Tomorrow not only marks my grandmother’s birthday, but also that wonderful time of the year celebrating all that is horrific and spooky. Yes, my friends, tomorrow is finally…Halloween. It’s also a Friday, which could mean much more traffic and safety issues for those of you with little ones Trick -or-Treating. So the following list has been composed from CDC advice and a few other sources (as well as personal experience) so what should be a fun night doesn’t turn bad.
1. If you aren’t walking your children door-to-door, try to at least keep them safely in sight from your vehicle or otherwise.
2. Bring the kids in before it gets too dark. If you decide it’s still safe to continue the candy crusade when the sun goes down, at least make sure there are proper reflectors on both costume and goody bucket. Bright orange and glow-in-the dark tape can be useful for this. Fridays are drinking days, and if you combine that with one of the biggest party nights of the year, you can’t be too cautious.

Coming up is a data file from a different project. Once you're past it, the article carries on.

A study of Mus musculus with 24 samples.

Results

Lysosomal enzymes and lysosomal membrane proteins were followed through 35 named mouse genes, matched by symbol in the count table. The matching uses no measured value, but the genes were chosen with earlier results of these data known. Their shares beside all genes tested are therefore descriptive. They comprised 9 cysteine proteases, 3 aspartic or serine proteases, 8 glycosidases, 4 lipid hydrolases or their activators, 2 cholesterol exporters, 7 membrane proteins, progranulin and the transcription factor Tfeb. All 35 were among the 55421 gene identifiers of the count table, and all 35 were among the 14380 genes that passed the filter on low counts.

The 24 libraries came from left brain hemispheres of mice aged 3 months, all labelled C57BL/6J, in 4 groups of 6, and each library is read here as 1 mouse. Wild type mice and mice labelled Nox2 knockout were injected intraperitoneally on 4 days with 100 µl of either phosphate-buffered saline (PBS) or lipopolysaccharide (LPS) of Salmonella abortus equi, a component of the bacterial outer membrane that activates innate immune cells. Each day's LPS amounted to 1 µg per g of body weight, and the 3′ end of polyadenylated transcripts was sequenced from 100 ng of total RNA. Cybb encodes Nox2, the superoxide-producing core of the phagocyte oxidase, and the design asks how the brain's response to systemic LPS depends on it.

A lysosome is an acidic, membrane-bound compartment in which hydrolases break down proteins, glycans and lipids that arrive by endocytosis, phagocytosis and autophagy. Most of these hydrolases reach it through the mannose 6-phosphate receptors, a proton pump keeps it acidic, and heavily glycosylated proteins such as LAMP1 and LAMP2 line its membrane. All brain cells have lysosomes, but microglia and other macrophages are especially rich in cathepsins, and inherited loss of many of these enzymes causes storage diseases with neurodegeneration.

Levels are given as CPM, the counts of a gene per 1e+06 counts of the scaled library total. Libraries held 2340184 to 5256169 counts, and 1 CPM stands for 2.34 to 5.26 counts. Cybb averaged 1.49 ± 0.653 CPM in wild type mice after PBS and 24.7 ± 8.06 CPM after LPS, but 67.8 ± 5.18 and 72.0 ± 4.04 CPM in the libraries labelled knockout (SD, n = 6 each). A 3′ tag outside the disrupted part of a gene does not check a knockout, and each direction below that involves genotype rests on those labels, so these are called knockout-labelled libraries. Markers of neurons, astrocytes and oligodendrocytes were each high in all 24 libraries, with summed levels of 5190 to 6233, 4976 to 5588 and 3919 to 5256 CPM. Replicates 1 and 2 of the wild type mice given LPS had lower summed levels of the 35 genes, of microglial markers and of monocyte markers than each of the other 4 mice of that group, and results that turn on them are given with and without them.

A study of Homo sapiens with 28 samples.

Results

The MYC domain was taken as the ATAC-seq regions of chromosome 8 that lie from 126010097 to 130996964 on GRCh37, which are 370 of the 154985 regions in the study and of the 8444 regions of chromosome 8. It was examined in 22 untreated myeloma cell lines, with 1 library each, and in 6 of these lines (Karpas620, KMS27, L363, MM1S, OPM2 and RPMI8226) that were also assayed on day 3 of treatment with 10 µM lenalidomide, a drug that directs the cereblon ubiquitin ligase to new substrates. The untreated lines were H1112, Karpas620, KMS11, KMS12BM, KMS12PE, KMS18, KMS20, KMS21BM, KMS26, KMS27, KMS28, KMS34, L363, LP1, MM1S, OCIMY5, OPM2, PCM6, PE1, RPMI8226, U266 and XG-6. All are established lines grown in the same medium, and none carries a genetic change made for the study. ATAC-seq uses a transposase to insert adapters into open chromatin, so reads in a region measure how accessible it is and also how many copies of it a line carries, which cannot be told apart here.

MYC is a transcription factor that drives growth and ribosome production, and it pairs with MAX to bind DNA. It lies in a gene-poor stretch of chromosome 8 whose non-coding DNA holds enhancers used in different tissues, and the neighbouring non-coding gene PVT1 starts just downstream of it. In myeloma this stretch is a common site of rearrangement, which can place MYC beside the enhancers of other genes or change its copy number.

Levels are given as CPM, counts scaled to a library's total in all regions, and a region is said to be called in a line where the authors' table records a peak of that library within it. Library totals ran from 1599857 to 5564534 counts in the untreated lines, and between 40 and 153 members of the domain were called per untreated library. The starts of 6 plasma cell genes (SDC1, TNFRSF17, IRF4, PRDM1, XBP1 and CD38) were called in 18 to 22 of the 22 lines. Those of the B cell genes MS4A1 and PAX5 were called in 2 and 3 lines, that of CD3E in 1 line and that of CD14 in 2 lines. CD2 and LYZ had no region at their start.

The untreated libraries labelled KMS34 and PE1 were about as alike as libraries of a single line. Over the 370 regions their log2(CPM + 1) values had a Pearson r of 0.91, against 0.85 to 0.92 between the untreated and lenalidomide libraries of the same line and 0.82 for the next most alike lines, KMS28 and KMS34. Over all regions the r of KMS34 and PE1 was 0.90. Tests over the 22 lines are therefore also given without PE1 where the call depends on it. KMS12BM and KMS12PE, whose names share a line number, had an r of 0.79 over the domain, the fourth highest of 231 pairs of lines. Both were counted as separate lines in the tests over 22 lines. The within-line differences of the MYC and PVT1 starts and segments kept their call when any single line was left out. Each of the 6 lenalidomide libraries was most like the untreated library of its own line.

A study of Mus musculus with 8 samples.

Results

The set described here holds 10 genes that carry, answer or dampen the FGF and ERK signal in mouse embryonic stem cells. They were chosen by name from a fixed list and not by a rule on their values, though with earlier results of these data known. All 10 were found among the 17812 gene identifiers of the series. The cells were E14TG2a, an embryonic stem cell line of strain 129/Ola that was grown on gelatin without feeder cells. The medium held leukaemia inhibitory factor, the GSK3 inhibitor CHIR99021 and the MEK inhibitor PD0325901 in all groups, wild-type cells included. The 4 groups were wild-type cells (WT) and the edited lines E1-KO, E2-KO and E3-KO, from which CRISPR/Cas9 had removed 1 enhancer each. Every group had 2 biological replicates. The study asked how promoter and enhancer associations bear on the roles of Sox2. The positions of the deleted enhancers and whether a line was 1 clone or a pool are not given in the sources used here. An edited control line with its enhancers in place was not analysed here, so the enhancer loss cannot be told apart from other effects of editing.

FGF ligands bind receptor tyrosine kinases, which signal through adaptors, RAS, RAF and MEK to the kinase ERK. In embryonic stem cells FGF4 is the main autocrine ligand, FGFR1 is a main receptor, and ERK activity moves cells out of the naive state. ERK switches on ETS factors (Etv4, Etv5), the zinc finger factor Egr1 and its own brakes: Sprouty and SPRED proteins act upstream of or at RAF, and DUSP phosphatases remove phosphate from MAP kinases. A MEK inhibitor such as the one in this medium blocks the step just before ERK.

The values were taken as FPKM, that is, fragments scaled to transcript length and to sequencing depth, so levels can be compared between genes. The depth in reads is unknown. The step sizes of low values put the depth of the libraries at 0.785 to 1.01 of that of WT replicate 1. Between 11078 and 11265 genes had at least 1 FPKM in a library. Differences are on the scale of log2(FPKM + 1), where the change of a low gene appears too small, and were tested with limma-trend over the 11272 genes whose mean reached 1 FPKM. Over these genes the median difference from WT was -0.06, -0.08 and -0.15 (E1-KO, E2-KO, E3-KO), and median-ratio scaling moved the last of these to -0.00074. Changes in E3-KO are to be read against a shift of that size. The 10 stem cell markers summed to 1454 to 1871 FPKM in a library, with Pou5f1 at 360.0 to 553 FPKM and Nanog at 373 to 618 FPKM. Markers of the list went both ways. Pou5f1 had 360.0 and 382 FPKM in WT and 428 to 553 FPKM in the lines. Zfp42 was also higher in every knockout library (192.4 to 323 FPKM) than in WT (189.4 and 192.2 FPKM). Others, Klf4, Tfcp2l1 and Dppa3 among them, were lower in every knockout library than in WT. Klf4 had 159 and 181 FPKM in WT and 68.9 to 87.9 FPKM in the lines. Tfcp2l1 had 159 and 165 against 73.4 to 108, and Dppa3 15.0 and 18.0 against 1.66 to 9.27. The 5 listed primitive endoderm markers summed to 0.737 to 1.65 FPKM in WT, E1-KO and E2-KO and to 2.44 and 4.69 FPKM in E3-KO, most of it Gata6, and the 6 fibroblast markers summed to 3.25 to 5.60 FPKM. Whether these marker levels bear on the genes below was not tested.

3. A flashlight can be both fun for a child, and serve as an extra way for them to make drivers aware of their presence when crossing the street.
4. If possible, pick a well-lit neighborhood for Trick-or-Treating. These places are usually much safer.
5. Remind your kids that if they don’t know the person handing out their candy, they should stay safely outside on the doorstep or porch.
6. Make sure costumes aren’t too baggy or loose.
7. Don’t drink and drive. Don’t ever do this, no matter what night it is. Even if you don’t have kids or family, it’s very selfish to endanger the lives of others just so you can have a buzz on the way home.
8. Most residential areas in the US require a max speed of 30 MPH when driving through them. On Halloween, be careful to drive slower. There is usually much higher pedestrian traffic, and kids can be unpredictable about their own safety crossing the street.